Simon Rodia was a regular guy in a lot of ways: He immigrated to the United States from Italy, got a job, bought a house (that was normal back in the 1920s), and settled into a modest multiracial neighborhood (also not unusual back then) on the outskirts of Los Angeles. But at some point he became exceptional. People have called him everything from a kook to a genius, but one thing's for sure -- he had grand dreams. As he once said, "I had in mind to do something big, and I did it."
Reaching for the Sky: Rodia's Watts
As part of "As They Saw It," an exhibition
of socially conscious work, the screening
begins at 7 p.m. Thursday, Jan. 20
In Rodia's mind was folk art of the first order, 17 conical structures made of rebar, concrete, glass chips, and broken dishes now known as the Watts Towers. The two tallest are nearly a hundred feet high, and the whole structure is surrounded by walls encrusted with mirror shards, buttons, bottle caps, and other castoff materials. Today the towers are internationally revered, often compared to the work of architect Antonio Gaudí. Although local public opinion of the site has changed dramatically through the years -- people sometimes showed their distaste with graffiti -- during the infamous Watts Riots that damaged much of the area in the mid-1960s the towers remained untouched.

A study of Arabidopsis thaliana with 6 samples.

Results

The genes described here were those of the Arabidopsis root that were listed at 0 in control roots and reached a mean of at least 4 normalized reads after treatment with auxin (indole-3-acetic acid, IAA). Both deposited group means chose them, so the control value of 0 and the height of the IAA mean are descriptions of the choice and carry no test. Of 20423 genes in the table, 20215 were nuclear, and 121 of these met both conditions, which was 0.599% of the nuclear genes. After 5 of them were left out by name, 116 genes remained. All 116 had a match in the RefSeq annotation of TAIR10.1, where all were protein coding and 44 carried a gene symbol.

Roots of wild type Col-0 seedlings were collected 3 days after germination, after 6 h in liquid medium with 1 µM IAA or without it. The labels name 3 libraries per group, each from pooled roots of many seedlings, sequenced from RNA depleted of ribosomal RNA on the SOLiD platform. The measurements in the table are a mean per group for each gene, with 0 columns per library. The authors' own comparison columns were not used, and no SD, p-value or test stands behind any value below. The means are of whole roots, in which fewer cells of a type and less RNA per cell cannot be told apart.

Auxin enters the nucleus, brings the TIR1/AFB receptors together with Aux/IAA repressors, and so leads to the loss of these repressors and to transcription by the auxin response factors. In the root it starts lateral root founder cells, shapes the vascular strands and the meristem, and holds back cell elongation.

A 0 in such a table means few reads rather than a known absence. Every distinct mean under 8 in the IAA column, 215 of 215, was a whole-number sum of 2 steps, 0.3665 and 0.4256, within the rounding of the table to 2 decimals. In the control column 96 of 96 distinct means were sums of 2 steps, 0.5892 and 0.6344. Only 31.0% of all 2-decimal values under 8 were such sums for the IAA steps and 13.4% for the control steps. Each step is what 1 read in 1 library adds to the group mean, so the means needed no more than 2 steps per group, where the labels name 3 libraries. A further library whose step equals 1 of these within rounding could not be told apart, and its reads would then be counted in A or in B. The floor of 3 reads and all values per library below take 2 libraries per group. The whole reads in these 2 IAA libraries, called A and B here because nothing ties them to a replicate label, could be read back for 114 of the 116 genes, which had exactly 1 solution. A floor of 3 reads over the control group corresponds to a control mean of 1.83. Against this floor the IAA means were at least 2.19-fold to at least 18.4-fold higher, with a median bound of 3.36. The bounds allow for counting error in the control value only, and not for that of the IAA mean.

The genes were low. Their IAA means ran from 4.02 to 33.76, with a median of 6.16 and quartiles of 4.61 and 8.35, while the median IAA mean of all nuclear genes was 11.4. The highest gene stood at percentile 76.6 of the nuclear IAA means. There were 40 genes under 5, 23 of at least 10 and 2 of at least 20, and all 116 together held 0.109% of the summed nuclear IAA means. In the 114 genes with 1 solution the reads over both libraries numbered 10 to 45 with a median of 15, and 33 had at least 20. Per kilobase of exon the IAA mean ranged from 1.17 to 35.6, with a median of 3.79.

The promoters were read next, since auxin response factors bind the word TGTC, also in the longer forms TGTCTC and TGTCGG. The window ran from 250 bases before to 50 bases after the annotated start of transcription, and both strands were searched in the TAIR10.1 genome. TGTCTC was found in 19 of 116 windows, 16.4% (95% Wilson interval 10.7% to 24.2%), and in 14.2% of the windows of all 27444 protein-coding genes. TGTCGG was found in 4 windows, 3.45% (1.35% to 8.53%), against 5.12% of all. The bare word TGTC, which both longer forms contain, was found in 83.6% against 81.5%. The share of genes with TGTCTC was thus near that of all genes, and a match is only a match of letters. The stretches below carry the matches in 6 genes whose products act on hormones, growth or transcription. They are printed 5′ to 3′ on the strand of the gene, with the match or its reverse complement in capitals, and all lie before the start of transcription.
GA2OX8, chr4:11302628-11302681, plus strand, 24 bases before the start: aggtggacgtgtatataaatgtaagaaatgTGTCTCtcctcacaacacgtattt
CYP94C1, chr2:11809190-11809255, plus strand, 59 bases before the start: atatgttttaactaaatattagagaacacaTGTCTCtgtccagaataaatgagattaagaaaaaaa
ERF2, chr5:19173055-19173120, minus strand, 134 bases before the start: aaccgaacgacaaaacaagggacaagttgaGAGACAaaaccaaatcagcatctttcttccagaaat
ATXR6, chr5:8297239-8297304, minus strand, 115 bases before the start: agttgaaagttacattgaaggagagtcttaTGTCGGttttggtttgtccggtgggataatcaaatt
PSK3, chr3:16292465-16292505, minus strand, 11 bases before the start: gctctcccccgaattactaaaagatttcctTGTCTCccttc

In spite of all this veneration, Rodia finished the work, signed the property over to a neighbor, and then split, making clear he didn't care what happened to it. The artist spent the rest of his life with his family in a small Bay Area town.
Nagging questions remain about Rodia. Why build? Why persist? Why leave? I Build the Tower is a documentary on his life and work that might allow fans some insight. Producers Edward Landler and Brad Byer are present to discuss their just-finished film at Thursday night's fund-raiser for Tower's final production costs. See the towers up close, and get a handle on a regular guy who did something really, really big.